Voters in the three-county Portland region will be asked to approve a $652 million bond package this fall to help build affordable housing.
The Metro Council voted Thursday to send the borrowing plan to voters in Multnomah, Clackamas and Washington counties. The typical homeowner will pay about $60 more a year. The bond measure could build as many as 3,900 new homes.
Leaders of the regional government say the bond measure is an acknowledgement that the entire Portland region — not just the city of Portland — is experiencing a housing crisis.
“We have a moral imperative to help,” said Metro Council President Tom Hughes. “It’s who we are as Oregonians.”
Councilor Betty Dominguez said voters need to understand the ripple effects of housing instability, particularly on children.
“When a child has to move two to three times in a year because the rent has been raised, we’re failing that child. They can’t ever succeed. The data proves that,” she said. “We owe our children better than that.”
Metro is the regional government that oversees land-use planning and the urban growth boundary, as well as recycling and public facilities such as the Oregon Zoo and the Oregon Convention Center.
Top agency officials say it makes sense for them to take a leadership role in the housing crisis, noting that all three counties on the Oregon side of the Portland region are suffering from a substantial lack of affordable housing.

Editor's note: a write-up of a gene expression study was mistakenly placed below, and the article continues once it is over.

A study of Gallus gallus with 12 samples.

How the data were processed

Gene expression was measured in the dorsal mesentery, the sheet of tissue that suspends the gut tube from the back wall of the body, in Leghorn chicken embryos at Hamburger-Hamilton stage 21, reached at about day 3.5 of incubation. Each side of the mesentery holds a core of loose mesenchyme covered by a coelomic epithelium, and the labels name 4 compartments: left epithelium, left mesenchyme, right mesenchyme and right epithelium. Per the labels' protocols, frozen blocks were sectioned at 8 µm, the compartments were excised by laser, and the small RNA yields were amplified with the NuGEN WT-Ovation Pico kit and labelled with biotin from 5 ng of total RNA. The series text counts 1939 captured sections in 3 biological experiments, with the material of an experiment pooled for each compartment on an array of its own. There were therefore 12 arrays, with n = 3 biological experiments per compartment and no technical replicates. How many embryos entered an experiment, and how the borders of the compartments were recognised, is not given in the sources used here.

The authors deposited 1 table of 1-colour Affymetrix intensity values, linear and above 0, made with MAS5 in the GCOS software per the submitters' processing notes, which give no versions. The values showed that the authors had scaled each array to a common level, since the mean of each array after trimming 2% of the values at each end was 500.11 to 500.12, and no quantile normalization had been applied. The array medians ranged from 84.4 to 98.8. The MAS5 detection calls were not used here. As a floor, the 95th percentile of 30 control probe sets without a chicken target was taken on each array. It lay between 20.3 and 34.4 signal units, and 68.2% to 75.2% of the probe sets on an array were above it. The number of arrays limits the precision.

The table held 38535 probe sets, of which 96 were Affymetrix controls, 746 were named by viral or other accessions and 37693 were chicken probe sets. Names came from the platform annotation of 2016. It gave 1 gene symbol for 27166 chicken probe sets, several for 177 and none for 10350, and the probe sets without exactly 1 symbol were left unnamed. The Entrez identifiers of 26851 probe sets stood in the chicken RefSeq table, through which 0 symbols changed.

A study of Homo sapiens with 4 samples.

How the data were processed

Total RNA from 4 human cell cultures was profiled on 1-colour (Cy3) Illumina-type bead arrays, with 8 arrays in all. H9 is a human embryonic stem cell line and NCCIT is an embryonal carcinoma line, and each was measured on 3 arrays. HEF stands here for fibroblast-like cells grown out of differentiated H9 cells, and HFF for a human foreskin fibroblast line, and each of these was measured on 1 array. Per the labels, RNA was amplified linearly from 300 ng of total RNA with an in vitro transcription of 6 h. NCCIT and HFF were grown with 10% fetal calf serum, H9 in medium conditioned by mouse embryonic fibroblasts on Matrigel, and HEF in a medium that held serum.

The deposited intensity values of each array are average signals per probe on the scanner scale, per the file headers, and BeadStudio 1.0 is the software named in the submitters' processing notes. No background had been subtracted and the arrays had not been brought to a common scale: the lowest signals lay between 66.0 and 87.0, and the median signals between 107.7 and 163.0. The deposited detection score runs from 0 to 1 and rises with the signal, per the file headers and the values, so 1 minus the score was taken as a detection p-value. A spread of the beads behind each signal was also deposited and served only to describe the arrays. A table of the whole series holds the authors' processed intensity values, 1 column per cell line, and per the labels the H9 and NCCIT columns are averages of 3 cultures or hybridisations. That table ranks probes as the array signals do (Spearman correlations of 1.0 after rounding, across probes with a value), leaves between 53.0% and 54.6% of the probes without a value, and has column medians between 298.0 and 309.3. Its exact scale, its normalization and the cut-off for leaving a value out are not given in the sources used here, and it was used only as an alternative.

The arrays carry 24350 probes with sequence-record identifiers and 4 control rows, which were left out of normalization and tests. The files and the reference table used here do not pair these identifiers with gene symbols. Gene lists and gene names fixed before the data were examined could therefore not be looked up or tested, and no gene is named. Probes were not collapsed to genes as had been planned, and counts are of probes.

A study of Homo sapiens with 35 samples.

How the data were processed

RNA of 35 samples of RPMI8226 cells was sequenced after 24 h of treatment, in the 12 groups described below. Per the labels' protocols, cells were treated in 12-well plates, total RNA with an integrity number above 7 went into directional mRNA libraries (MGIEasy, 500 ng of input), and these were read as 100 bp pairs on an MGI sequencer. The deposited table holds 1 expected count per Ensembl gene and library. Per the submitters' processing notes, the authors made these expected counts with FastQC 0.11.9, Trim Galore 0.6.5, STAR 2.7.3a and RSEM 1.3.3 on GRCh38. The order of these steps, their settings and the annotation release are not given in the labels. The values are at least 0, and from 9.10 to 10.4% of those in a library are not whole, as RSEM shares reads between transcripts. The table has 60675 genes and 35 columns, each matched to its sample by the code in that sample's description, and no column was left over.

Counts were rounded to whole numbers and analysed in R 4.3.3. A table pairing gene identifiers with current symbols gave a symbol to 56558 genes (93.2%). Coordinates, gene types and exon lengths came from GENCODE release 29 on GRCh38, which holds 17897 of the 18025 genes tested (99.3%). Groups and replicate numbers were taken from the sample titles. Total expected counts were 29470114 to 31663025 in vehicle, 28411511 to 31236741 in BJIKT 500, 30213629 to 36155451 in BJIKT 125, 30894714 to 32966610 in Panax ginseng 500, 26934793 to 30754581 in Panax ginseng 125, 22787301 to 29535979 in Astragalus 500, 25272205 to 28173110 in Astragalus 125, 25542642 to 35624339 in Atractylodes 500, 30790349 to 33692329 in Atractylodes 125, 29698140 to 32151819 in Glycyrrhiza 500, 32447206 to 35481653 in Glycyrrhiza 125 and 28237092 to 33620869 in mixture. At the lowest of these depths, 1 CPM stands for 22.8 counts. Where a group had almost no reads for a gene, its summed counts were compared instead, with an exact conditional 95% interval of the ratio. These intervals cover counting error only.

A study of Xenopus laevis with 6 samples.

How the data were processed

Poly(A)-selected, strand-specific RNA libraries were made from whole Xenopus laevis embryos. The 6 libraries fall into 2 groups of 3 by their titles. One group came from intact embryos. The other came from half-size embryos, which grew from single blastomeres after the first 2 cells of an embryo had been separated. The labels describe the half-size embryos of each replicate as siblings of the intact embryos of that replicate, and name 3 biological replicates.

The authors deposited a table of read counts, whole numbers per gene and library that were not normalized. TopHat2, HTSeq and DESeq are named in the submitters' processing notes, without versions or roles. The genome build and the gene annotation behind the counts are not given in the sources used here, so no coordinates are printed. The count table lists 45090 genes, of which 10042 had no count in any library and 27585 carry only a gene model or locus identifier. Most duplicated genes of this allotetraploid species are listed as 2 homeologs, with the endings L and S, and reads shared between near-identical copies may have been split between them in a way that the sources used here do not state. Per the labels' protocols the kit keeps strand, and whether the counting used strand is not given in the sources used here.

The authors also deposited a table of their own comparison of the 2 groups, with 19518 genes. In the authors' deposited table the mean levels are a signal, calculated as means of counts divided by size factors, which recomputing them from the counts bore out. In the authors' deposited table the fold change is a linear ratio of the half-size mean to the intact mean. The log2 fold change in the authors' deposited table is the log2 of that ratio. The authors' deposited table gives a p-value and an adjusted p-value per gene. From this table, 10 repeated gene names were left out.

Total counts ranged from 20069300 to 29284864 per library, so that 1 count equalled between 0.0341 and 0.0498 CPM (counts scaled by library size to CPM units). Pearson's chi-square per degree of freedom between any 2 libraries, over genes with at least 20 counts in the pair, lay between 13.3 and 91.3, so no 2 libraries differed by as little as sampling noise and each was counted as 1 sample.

Demand for housing far outpaces supply, a result of rapid growth across the metro area, the slowdown in development during the Great Recession and the private sector’s focus on more expensive apartments and houses since the economy picked back up.
Portland and Multnomah County have received most of the attention from people worried about rising housing prices. But the estimated wait time to get into a public housing unit in Clackamas County ranges from one to seven years. In Washington County, it’s almost three years.
Over the past decade, average rents have also risen almost twice as fast as renter incomes. Individual communities have stepped in with public funding for more housing; two years ago, Portland voters approved a $250 million bond package to build more units, and Vancouver voters agreed to a special tax levy for housing.
“The magnitude of this housing crisis is bigger than any one of us,” said Multnomah County Chair Deborah Kafoury, who testified in favor of the bond measure. “The market forces that drive up rents are oblivious to county lines … the crisis is just as real in Milwaukie as it is in Beaverton.”
Clackamas County Chairman Jim Bernard also testified in favor of the borrowing plan Thursday. But Washington County Chairman Andy Duyck emailed the Metro board this week urging them to reconsider.
Duyck is retiring this year. The leading vote-getter in the May primary to replace him was Metro Councilor Kathryn Harrington, who faces County Commissioner Bob Terry in the November general election. She voted for sending the bond measure to voters.
“We have a housing crisis in Oregon,” Harrington said. “That’s why I am so excited to support this.”